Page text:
Monday, August 04, 2014
Look, I run for exercise, but I don't like it. Sure, I love the feeling of accomplishment, but I think my biggest problem with it, aside from the fact that I am not all that athletic, is that it's just boring. I try to spice it up with high energy running mixes and, of course, listening to podcasts, but I just haven't found a way to make it entertaining. I guess that's because I'm not as enterprising as copywriter Claire Wyckoff, whose new blog, "Running Drawing" may have finally come up with a way to make running fun.
Monday, August 04, 2014
On last week's episode of TLDR, we spoke to OkCupid President and founder Christian Rudder about the company's recent disclosure that it had been running an ethically questionable experiment on its users.
In the experiment, the company took users who the site's algorithm found were bad matches (based on a battery of questions users answer) and told them they were actually good matches, and vice versa. In the interview I took issue with this experiment for a number of reasons. One of those reasons is because buried in the list of questions users get on OkCupid is this question: "Do you feel there are any circumstances in which a person is obligated to have sex with you?" I argued that this could lead to unsafe dating situations, to which Rudder replied "I mean there's also a lot of stuff we don't ask, I mean, y'know, so like, we don't know any of our users. Y'know so like we make no claim to the safety for anyone, and obviously we do everything we can to encourage a safe environment. But like, I think it's disingenuous to suggest that we're setting up people in dangerous situations."
One enterprising hacker named Meitar Moscovitz (AKA Maymay) has developed a plugin to try and detect potentially dangerous situations before they occur.
Friday, August 01, 2014
The Wall Street Journal is reporting that Twitter is testing out a new feature for hashtags. The way it seems to work is that searching for a hashtag will yield a translation of what Twitter thinks that hashtag means underneath the search term. Twitter declined to comment about the feature for the Journal, so the details remain a mystery.
Monday, July 28, 2014
It really shouldn't.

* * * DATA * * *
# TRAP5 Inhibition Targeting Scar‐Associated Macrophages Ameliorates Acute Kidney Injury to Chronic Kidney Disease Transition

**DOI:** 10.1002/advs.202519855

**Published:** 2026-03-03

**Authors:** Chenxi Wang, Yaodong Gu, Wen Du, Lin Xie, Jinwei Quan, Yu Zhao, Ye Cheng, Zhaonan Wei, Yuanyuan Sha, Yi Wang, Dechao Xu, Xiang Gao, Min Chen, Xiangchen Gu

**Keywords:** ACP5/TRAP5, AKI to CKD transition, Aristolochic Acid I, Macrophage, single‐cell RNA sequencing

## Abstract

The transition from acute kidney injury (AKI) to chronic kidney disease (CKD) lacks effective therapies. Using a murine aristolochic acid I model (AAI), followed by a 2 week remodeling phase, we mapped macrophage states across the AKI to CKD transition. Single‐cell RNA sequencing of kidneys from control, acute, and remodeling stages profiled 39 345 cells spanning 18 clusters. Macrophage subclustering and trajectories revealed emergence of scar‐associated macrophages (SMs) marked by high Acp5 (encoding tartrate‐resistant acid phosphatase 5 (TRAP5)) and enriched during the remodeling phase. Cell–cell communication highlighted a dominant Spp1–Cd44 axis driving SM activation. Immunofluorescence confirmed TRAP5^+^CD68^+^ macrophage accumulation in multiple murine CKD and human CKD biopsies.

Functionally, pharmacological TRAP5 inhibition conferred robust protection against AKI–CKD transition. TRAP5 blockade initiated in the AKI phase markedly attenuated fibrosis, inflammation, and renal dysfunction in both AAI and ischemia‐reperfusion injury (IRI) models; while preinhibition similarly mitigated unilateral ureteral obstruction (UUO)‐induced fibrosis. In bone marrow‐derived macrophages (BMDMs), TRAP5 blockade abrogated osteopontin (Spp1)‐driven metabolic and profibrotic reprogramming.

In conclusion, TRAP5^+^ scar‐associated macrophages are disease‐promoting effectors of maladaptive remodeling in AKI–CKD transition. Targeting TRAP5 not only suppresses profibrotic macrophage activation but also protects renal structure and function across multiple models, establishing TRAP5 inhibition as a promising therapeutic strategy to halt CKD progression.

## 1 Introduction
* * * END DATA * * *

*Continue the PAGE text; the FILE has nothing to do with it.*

Monday, July 28, 2014
Tuesday, July 22, 2014
Late last night, the official Twitter account for the Environmental Protection Authority accidentally tweeted an excited proclamation about their success in the Kim Kardashian's new mobile game, which invites you to "create your own celebrity and rise to fame and fortune!"
Monday, July 21, 2014
We're still waiting for an @TLDRedits account to appear.
Thursday, July 17, 2014
Last month, Facebook announced that it had conducted an experiment in which it purposely showed a group of users only negative posts from their friends' news feeds. The premise was to test what the academics behind the research of "emotional contagion," the notion that moods can spread across networks. Well, everyone was annoyed at being manipulated, and the lead researcher in the study has apologized. The Electronic Privacy Information Center has asked for an investigation from the FTC, saying Facebook was duplicitous, manipulative, and failed to inform users of the experiment. Now, Maryland Law Professor (and friend of TLDR) James Grimmelmann, along with colleague Leslie Meltzer Henry and the faculty of the Berman Institute of Bioethics at Johns Hopkins University have asked the Proceedings of the National Academy of Sciences to retract the Facebook study.
Wednesday, July 16, 2014
On the most recent TLDR, I spoke to Max Seddon, foreign correspondent for Buzzfeed, about some recently unearthed documents that show a massive online pro-Russia propaganda effort with ties to The Kremlin.
In that interview, Max made it clear that Russia is far from the only government that does this sort of opinion influencing, citing an AP report from a couple months ago about US efforts to sway public opinion in Cuba by creating its own "fake twitter." from the interview:
USAID set up an entire fake social network for cuban people to get around all the internet filters to Cuba that was meant to create some sort of thing that they could use to influence popular opinion in Cuba, which is closed off to the US, and it's very difficult to do well. because On the internet, people are smart, it's very easy to compare things, and use multiple sources of information and come to the right conclusions. They can tell when something is fake.
On Monday, Glenn Greenwald's The Intercept produced another example of this governmental internet meddling, this time from Britain's Government Communications Headquarters (GCHQ).
Tuesday, July 15, 2014
What can we learn from Tumblr's disastrous DashCon fan convention last weekend?